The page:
6. No Country For Old Men
Now Streaming on FilmStruck

“Both had my father in ’em . It’s peculiar. I’m older now then he ever was by twenty years. So in a sense he’s the younger man. Anyway, first one I don’t remember too well but it was about meeting him in town somewhere, he’s gonna give me some money. I think I lost it. The second one, it was like we was both back in older times and I was on horseback goin’ through the mountains of a night. Goin’ through this pass in the mountains. It was cold and there was snow on the ground and he rode past me and kept on goin’. Never said nothin’ goin’ by. He just rode on past… and he had his blanket wrapped around him and his head down and when he rode past I seen he was carryin’ fire in a horn the way people used to do and I could see the horn from the light inside of it. ‘Bout the color of the moon. And in the dream I knew that he was goin’ on ahead and he was fixin’ to make a fire somewhere out there in all that dark and all that cold, and I knew that whenever I got there he would be there.

And then I woke up.”

For fans of: The Man Who Wasn’t There, There Will Be Blood, Fargo, existential dread.

7. All Is Lost
Now Streaming on Amazon Prime Video and Hulu

This criminally under-seen one-man-show from A Most Violent Year director J. C. Chandor finds Robert Redford playing an aging pleasure cruiser who discovers his boat is slowly sinking. Alone on the Indian Ocean, Redford’s character must deal with the fast-rising water, and then eventually abandon ship on a raft. This is all handled with deft skill by Chandor, who is an underrated director who deserves more work. Redford is wonderful, turning in a mostly dialogue-free performance as a man dealing with the impossible over and over again. The concept of this film alone – one guy alone, at sea – sounds like it might make for a boring film, but All is Lost is anything but. This film flailed when it was first released in few theaters, with very little promotion. Now is the perfect time for an audience to discover it. 

For fans of: Cast Away, Moon, Locke, Robert Redford aging like a fine wine.

8. The Future
Now Streaming on Amazon Prime Video and Hulu

Miranda July writes, directs and stars in this very odd, yet very memorable indie comedy. The Future focuses on a young, hipster-esque couple (July and Hamish Linklater) who really need to get their shit together. Like, seriously. The couple decide to adopt a cat (named Paw Paw) from a shelter, but while they wait to finally go through with the adoption, their lives change considerably, and not for the better. The Future is definitely not going to be a film for everybody, and the narrative goes down some very…unexpected paths. I know for a fact that the way the film handles the cat subplot is going to upset, and possibly infuriate a few people (like it did me!). That said, this is another unique work of art from July, who makes movies unlike anyone else. I don’t know if she’ll ever make a film again, but if she does, I’ll be first in line to see it.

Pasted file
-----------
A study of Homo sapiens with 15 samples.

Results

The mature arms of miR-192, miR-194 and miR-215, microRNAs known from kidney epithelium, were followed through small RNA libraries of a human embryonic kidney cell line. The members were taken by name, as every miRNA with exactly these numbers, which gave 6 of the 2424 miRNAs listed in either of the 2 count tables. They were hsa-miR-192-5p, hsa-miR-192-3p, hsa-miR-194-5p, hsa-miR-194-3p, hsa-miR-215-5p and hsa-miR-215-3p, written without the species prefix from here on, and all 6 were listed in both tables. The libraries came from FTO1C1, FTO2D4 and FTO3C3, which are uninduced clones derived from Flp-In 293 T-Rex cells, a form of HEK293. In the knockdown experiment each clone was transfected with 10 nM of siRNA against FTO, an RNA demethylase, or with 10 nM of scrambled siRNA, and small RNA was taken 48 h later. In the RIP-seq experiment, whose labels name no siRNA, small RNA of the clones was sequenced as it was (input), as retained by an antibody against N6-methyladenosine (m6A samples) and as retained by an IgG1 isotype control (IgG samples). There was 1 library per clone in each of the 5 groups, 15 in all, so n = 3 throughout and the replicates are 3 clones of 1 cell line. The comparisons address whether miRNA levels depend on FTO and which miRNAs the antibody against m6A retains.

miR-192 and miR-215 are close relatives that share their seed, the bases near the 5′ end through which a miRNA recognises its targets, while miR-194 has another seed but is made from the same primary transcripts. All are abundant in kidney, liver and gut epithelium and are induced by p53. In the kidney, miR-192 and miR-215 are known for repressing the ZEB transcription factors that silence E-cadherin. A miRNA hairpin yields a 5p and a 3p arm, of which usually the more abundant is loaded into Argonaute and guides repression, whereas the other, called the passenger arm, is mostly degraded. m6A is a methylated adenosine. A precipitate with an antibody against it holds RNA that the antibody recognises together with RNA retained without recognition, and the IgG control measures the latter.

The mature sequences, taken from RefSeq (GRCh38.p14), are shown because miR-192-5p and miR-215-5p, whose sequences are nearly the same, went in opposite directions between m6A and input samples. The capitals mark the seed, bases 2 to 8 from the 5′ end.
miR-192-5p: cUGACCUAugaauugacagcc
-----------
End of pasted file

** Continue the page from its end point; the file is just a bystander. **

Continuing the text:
For fans of: Me and You and Everyone We Know, and that’s it really. There aren’t too many films to compare this to. It’s weird! 

9. Pi
Now Streaming on Shudder

Requiem for a Dream filmmaker Darren Aronofsky burst onto the scene with this grungy, unsettling, mind-blowing debut that makes math seem terrifying. Sean Gullette plays a math genius who is trying to build a supercomputer that might help predict the stock market. Instead, he stumbles upon something that might have biblical (we’re talking Old Testament here) connotations. Shot in a murky black and white that makes everything look ancient and bombed-out, Pi is a slow descent into insanity that gets weirder and weirder as the clock ticks on. Also, there’s a scene where someone finds a human brain just chilling in the subway.

For fans of: Eraserhead, Black Swan, mother!, 3.14159.

10. Unearthed & Untold: The Path to Pet Sematary
Now Streaming on Shudder

One of my personal favorite horror movies has its own making-of documentary! This doc from John Campopiano and Justin White is a little rough around the edges – it’s not the most polished documentary you’ll see, that’s for sure – but it’s still a pretty neat journey through both Stephen King’s terrifying novel, and Mary Lambert’s spooky 1989 film adaptation. There are interviews with some of the cast and crew here, as well as behind-the-scenes footage of Pet Sematary being made. If you’re a fan of the film, Unearthed & Untold: The Path to Pet Sematary is a must-watch.

For fans of: Pet Sematary, Never Sleep Again: The Elm Street Legacy, Crystal Lake Memories: The Complete History of Friday the 13th, covering your eyes when Zelda appears on screen.